Photo by Lance Cpl. Brian J. Holloran

Pilot Exchange Program shows Harrier pilots different ways to fly the same bird

23 Apr 2007 | Lance Cpl. Brian J. Holloran

The AV-8B Harrier is used by pilots throughout the world for its adaptability and usefulness in many situations. Many allied countries use the aircraft in a slightly different way allowing each nation’s pilots to fly the bird a little differently.

The Pilot Exchange Program allows selected pilots to relocate to a military installation in a participating foreign country and allows them to learn methods and tactics other countries use.

“The countries currently participating in the program are Italy, Spain, Britain and the United States,” said Italian Navy Lt. j.g. Gaetano Rapisarda, pilot, Marine Attack Squadron 513.

The program selects qualified pilots from a list of volunteers. The volunteers then attend a six month class, if needed, prior to relocating to their new duty station.

“The class is an abbreviated language class to familiarize us with the language we are going to be speaking,” said Rapisarda.

After the language class, the pilots begin their tour of duty in a new country, said British Royal Air Force Squadron Leader  Michael Baker, pilot VMA-513.
The United States sends one pilot to each participating country and all three countries send one pilot here.

“We get stationed in America for around three years,” said Rapisarda. “It’s a little hard to pack up your whole family and move to a new country, but the training is great.”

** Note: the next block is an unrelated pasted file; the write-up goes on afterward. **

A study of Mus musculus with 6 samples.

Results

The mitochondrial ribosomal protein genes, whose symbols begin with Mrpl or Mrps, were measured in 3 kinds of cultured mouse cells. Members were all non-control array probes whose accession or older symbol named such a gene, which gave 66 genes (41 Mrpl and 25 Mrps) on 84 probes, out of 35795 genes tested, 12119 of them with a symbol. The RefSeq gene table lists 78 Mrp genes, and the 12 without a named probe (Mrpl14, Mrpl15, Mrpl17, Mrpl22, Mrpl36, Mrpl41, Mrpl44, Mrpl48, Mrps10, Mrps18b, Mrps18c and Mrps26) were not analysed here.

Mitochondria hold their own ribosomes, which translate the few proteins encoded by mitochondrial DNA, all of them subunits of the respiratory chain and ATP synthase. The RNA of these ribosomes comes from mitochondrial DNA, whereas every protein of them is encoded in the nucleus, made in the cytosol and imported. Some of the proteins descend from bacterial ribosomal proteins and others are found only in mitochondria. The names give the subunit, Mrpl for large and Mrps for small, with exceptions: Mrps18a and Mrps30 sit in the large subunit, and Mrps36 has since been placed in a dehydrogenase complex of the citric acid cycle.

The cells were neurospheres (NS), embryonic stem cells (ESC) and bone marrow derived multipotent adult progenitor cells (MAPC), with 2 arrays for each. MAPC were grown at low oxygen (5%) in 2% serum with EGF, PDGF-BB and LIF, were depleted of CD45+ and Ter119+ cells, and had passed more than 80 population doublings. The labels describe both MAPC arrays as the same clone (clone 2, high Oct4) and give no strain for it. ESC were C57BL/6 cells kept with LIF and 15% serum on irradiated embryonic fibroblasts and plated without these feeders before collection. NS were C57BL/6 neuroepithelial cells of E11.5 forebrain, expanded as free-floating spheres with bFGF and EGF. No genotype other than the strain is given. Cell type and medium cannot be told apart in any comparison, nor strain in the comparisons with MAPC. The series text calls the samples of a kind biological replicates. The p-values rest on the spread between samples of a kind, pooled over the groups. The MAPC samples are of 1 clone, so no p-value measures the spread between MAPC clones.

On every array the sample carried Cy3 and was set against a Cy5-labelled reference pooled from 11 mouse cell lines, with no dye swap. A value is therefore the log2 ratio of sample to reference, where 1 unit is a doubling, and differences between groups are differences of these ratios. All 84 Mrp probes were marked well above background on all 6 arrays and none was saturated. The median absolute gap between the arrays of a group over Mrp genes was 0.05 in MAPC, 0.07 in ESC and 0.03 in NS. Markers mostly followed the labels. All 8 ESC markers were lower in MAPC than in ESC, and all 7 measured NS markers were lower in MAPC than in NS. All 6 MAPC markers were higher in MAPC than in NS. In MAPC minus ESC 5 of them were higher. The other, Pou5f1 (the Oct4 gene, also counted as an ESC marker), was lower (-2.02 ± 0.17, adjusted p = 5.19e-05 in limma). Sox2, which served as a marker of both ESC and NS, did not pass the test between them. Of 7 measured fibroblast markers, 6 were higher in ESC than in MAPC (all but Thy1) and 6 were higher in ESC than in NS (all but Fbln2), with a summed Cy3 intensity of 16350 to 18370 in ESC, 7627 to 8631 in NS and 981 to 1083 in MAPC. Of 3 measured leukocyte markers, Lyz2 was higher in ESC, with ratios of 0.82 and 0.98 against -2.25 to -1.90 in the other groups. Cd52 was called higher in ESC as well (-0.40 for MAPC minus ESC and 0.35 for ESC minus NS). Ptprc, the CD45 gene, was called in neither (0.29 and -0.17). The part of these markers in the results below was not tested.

While relocating half-way around the world may be a great benefit of the program, the main focus is training.

“The program is a great opportunity for coalition partners to share ideas and experiences at the tactical level,” said Lt. Col. Christopher Parkhurst, commanding officer, VMA-513. “We have former exchange pilots that are now general officers and I am sure that those officers have a much better understanding and appreciation for joint and coalition operations as a result of their earlier experiences in the exchange program.”

The program is geared toward teaching other pilots how American pilots use the Harrier and also, showing them how other countries use the same aircraft.

“For the United States, the Harrier is a close air support asset,” said Baker. “For America, the Harrier is a way to protect the (troops) on the ground.”

“In Italy we use the Harrier for air defense on our Naval carriers,” said Rapisada. “We don’t use it for CAS at all, but since I have been here I have learned how to provide CAS to ground forces in need.”

The exchange program grants pilots the opportunity to do things they may never have done otherwise.

“When I was in Italy, we never flew CAS and we never carried live ordnance,” said the Italian pilot. “Since I have been here, I have dropped a lot of ordnance. I am one of the honored few Italians to drop live ordnance. In Italy we don’t have the space to participate in this kind of training.”

“The Marine Corps does CAS better than anyone else in the world,” said Baker. “I feel honored to be able to participate.”

In the end, the pilots may originate from a distant country but they are a great addition to the American fighting force.

“The exchange pilots I have assigned to 513 are special people,” said Parkhurst. “They have moved to a new country, adopted a new system of operating, yet have made a measurable impact in the training and readiness of the Nightmares.  The exchange pilots that are assigned to us are exceptional officers and I wish we had more of them ... we'd be better off for it.”